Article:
After a week of reflection, Danard spoke with PRWeek about what BC Hydro did right, where it faltered and how it plans to move forward.
What it did right
“What really saved us was that we have a corporate emergency centre—complete with a media centre—which we can activate in situations like this,” said Danard. It proved especially important that the emergency centre is located in BC Hydro's office in a suburb of Vancouver, since it was not affected by the outage.
While key media people and spokespeople, armed with cell phones and Blackberrys, remained downtown, “we had people in the ‘burbs set up with computers, monitoring the news and supplying us with information. They had pretty good facilities, so they could also be in direct contact with customers and employees.” By having a centralized command centre, operations crew managing and directing the field work could directly relay information to the media centre. “We wanted to tightly control what it is we were going to say, and be sure we were all going to say the same things,” said Danard. “You get that by all being in the same place.”
How BC Hydro told its story
“The media was one of the most effective ways for us to actually get information to customers: what happened and why it was taking so long, because that was a really important story for us to tell,” said Danard. On Tuesday, that included setting up for media a technical briefing with the VP of field operations, who through news segments on TV showed “viewers what was happening underground, and why it was so complex to repair [14 circuits had been damaged by the fire]. The visuals helped us to keep some public sympathy, because I won't deny that there are some businesses that are quite upset with us, and understandably so. So even though they were unhappy, at least they understood.”
What BC Hydro would like to re-do
Danard said her only “regret” was failing to issue a press release sooner. BC Hydro crew were unable to get into the manhole tunnel the day of the fire, because firefighters said it was too dangerous. “It was challenging for us because it meant it wasn't until in the evening that we had a proper assessment of the situation,” said Danard. She said while they were quick to respond to media calls, they didn't get a news release out until after the evening news hour. “We should have acknowledged that, ‘We don't know what's happening, we're looking into, we're at the scene and the firefighters are advising us to do X and X and X'—in other words, don't wait to long to give out information,” said Danard. “The worse thing to do is seeming to be silent.”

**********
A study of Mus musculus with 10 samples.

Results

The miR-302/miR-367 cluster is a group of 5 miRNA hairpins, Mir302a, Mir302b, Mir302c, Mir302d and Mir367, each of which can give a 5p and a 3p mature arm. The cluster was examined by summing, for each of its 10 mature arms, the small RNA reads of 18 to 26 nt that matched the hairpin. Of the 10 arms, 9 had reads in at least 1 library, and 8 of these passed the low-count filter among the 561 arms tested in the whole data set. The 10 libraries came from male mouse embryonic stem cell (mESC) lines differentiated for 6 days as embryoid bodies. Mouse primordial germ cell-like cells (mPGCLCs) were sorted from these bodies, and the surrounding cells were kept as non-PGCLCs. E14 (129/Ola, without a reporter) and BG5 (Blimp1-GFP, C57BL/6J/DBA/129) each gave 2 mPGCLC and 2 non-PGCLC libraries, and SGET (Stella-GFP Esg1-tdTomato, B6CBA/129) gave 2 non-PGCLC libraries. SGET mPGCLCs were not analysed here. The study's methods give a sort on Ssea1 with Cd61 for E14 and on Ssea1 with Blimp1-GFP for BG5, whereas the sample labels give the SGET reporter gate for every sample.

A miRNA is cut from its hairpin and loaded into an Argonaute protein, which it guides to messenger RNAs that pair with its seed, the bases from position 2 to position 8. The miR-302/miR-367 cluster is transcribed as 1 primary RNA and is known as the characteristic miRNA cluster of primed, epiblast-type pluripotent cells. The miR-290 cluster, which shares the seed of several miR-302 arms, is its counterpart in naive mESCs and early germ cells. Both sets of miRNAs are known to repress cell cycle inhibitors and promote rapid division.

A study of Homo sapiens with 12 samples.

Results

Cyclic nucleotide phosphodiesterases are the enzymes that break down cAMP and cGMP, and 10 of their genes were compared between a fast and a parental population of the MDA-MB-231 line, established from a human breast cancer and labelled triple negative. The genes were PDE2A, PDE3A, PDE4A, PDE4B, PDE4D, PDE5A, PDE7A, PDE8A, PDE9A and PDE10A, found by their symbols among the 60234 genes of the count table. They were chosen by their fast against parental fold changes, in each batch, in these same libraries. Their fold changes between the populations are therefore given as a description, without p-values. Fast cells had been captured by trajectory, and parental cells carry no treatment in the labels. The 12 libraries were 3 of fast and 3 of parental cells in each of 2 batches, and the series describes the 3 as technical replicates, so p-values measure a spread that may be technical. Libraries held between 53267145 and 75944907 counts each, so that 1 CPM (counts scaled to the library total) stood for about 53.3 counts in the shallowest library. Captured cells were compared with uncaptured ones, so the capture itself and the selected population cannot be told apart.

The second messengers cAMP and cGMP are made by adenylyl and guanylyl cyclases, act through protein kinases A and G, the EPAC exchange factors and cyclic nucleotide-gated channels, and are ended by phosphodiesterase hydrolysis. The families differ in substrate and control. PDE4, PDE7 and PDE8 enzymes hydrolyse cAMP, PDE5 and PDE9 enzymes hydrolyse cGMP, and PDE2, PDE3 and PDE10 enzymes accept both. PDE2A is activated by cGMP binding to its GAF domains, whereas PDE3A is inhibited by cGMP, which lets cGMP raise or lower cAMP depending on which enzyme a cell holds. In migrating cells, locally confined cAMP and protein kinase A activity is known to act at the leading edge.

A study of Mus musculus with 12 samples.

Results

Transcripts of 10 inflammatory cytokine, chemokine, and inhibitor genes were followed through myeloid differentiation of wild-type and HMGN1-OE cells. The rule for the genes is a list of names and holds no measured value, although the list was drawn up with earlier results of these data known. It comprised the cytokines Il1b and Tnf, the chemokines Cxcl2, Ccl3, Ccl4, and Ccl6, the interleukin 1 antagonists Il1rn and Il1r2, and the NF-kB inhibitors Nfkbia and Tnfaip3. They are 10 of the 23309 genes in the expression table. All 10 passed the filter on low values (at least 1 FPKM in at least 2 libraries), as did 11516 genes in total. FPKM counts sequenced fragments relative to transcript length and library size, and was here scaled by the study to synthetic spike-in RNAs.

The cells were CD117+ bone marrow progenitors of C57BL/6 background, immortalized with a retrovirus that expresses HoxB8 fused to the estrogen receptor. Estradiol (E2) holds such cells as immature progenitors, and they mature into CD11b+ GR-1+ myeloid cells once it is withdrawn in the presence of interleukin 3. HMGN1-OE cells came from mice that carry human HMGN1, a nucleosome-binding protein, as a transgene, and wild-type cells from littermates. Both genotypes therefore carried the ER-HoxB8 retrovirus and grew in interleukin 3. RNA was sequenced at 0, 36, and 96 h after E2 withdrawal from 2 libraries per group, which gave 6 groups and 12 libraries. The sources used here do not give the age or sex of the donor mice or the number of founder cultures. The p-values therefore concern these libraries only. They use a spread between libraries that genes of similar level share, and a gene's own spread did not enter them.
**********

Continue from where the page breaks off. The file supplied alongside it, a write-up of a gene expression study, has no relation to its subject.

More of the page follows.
How BC Hydro plans to move forward
BC Hydro is now conducting a full review (which will include third-party input) of not just the problem and repair, but how they handled the communications, said Danard. “We're all being asked to come up with a list of things that we did well and things that we didn't,” she said. That list even includes such seemingly small details as items the communication team wished it had on-hand during the crisis, but didn't; for instance, there weren't enough Blackberry phone chargers, for those working out of their cars downtown. Also problematic: In the emergency centre, the angled floor plugs made it impossible for staff to plug in their Blackberry chargers. With the 2010 Olympic Games approaching, Danard said the crisis will allow BC Hydro to strengthen its emergency response plan.